The Rock of the British overseas territory of Gibraltar, historically claimed by Spain, is seen from the Spanish side of the border near La Linea de la Concepcion, southern Spain, November 23, 2018. REUTERS/Jon Nazca

Spain wants “a new relationship” with Gibraltar after Brexit, Socialist Prime Minister Pedro Sanchez told CNN yesterday.

He was speaking on the sidelines of the World Economic Forum in Davos after reports that Spain had called on the European Union to recognise its demand for the “decolonisation” of Gibraltar in all coming EU legislation for a no-deal Brexit.

Spanish officials want a footnote to be included in all the EU’s no-deal legislative proposals explicitly recognising Spain’s sovereignty aspirations over the Rock.

Mr Sanchez sidestepped a question on the footnote, which has not yet been accepted by the EU 27, insisting his government wanted good relations with Gibraltar.

“We always have this dispute with the UK Government but we have a very constructive approach and I think we need to give opportunities not only for the people that live in Gibraltar but also in the surrounders [sic]," he said.

"We already reached agreement with the British Government in order to manage this transition period, so I'm confident that we will find a constructive solution with the UK."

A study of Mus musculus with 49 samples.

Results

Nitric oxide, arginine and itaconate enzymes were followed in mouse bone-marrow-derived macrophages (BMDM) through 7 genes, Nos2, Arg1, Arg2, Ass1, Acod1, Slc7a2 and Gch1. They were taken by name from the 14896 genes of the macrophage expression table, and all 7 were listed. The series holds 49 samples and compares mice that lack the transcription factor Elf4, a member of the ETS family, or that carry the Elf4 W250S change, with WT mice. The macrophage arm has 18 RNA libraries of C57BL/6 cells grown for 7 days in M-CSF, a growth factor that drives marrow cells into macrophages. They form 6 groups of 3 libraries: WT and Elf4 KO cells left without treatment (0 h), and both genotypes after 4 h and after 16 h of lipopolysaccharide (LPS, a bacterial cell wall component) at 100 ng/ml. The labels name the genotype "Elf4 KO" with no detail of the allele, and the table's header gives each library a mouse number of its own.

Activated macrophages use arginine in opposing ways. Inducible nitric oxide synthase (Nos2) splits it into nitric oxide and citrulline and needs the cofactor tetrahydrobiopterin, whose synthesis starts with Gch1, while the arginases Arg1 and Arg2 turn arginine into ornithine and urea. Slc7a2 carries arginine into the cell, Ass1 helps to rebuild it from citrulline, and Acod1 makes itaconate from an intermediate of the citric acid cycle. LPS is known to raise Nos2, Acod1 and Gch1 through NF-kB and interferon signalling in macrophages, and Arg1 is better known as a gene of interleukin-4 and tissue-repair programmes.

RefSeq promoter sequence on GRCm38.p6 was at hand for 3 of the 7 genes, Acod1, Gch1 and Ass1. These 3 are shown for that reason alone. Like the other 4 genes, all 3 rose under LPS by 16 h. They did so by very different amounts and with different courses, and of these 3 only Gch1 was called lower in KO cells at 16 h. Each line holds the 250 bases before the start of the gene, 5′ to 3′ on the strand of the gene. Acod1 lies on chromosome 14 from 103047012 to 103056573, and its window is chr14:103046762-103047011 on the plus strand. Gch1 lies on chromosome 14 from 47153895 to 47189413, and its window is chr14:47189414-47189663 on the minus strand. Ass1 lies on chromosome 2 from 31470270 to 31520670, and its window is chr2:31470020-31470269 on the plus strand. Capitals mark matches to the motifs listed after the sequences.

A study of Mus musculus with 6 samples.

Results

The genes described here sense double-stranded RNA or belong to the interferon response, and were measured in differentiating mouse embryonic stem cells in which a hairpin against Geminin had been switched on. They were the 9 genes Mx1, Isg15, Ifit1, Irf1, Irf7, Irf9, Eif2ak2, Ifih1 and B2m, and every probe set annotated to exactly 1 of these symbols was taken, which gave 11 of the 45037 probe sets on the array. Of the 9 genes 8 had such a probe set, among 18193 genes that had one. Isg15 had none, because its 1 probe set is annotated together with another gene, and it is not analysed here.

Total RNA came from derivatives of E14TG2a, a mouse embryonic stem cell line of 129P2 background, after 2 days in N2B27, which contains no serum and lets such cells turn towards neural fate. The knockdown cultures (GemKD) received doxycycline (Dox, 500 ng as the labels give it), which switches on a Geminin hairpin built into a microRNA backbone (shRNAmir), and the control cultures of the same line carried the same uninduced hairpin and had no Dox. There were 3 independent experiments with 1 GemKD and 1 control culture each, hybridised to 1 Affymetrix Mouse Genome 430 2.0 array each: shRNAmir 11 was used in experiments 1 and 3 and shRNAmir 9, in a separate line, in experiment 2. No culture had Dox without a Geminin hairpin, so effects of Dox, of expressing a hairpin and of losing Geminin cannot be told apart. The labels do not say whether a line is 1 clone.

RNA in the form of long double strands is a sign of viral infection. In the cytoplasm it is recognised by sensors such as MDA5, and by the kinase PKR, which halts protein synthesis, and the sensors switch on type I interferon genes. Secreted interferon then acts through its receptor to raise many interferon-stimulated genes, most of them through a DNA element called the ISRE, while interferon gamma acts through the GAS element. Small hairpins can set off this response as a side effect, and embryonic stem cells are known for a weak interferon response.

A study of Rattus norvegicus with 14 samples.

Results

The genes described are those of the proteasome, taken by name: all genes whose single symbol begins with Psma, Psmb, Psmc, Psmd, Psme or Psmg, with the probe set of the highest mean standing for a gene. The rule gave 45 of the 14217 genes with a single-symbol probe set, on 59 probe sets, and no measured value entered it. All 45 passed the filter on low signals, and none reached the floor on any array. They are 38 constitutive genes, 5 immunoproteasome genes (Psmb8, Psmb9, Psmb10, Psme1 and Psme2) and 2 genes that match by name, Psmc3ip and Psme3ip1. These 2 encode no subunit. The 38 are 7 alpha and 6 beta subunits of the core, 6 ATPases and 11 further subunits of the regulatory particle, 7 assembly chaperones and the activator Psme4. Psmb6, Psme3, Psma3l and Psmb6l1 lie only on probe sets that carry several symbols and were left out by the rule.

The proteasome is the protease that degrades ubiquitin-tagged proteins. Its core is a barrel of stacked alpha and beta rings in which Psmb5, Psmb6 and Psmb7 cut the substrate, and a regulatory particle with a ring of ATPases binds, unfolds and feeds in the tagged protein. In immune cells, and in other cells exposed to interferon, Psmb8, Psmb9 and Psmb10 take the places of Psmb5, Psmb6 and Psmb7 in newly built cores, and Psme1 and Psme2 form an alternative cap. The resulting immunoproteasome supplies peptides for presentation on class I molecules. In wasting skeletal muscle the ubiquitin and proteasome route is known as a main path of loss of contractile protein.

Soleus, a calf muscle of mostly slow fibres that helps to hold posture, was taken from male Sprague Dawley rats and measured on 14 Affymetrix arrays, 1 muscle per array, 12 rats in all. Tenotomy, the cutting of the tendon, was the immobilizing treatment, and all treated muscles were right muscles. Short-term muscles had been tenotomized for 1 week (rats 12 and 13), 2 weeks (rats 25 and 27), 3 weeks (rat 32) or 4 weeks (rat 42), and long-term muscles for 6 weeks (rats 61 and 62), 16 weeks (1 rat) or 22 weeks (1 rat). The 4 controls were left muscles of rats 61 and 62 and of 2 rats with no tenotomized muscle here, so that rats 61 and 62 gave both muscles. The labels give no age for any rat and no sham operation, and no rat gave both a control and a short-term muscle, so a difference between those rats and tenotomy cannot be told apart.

Pushed on the point, he added: "We need to think about the people that live in Gibraltar and in the surrounders [sic].”

"I think that we need to give them an opportunity, we need to re-establish a new relationship between Gibraltar and Spain, and of course with the UK."

"I'm not creating any new dispute with the UK Government. What I want is to solve this historical problem and I think that we're very close to doing that."

Mr Sanchez did not, however, explain his view of what shape that new relationship might take.

The issue of the footnote was also raised yesterday by Marco Aguiriano, Spain’s state secretary for European affairs, who said Madrid was seeking to reflect in post-Brexit EU legislation Spain’s position on Gibraltar as stated before the UN.

“This is not a provocation of any sort,” he said, according to Spanish press reports.

“It’s simply about the obvious need to shape and reiterate Spain’s historical and political position on the legal status.”

The existence of the footnote was publicly revealed by The Telegraph earlier this week.According to the UK newspaper, the text of the footnote states: “There is a dispute between the Government of Spain and the government of the United Kingdom concerning sovereignty over Gibraltar.”

“The territory is registered on the list of Non-Self-Governing Territories of the United Nations, subject to decolonisation.”

Officials here were aware of the Spanish move but told the Chronicle the footnote had “zero” practical effect.

In a separate development yesterday, Luis García Montero, the director of Spain’s Instituto Cervantes, said the cultural organisation’s strategic plan for this year included a proposal to reopen its branch in Gibraltar.

The Spanish government-funded institute’s Gibraltar branch was set up under the 2006 Cordoba Agreements and hosted Spanish language classes and cultural events.

But it was later closed by Jose Manuel García-Margallo, the Partido Popular’s Foreign Minister best known for his hardline stance on Gibraltar.

“Depending on the bilateral agreements between Spain and the United Kingdom, we want to reopen as soon as possible the centre in Gibraltar, which gave us very good results,” Mr García Montero said.

Josep Borrell, Spain’s Socialist Foreign Minister, echoed that statement.

“We would like to open an institute in Gibraltar if circumstances permit it,” he said.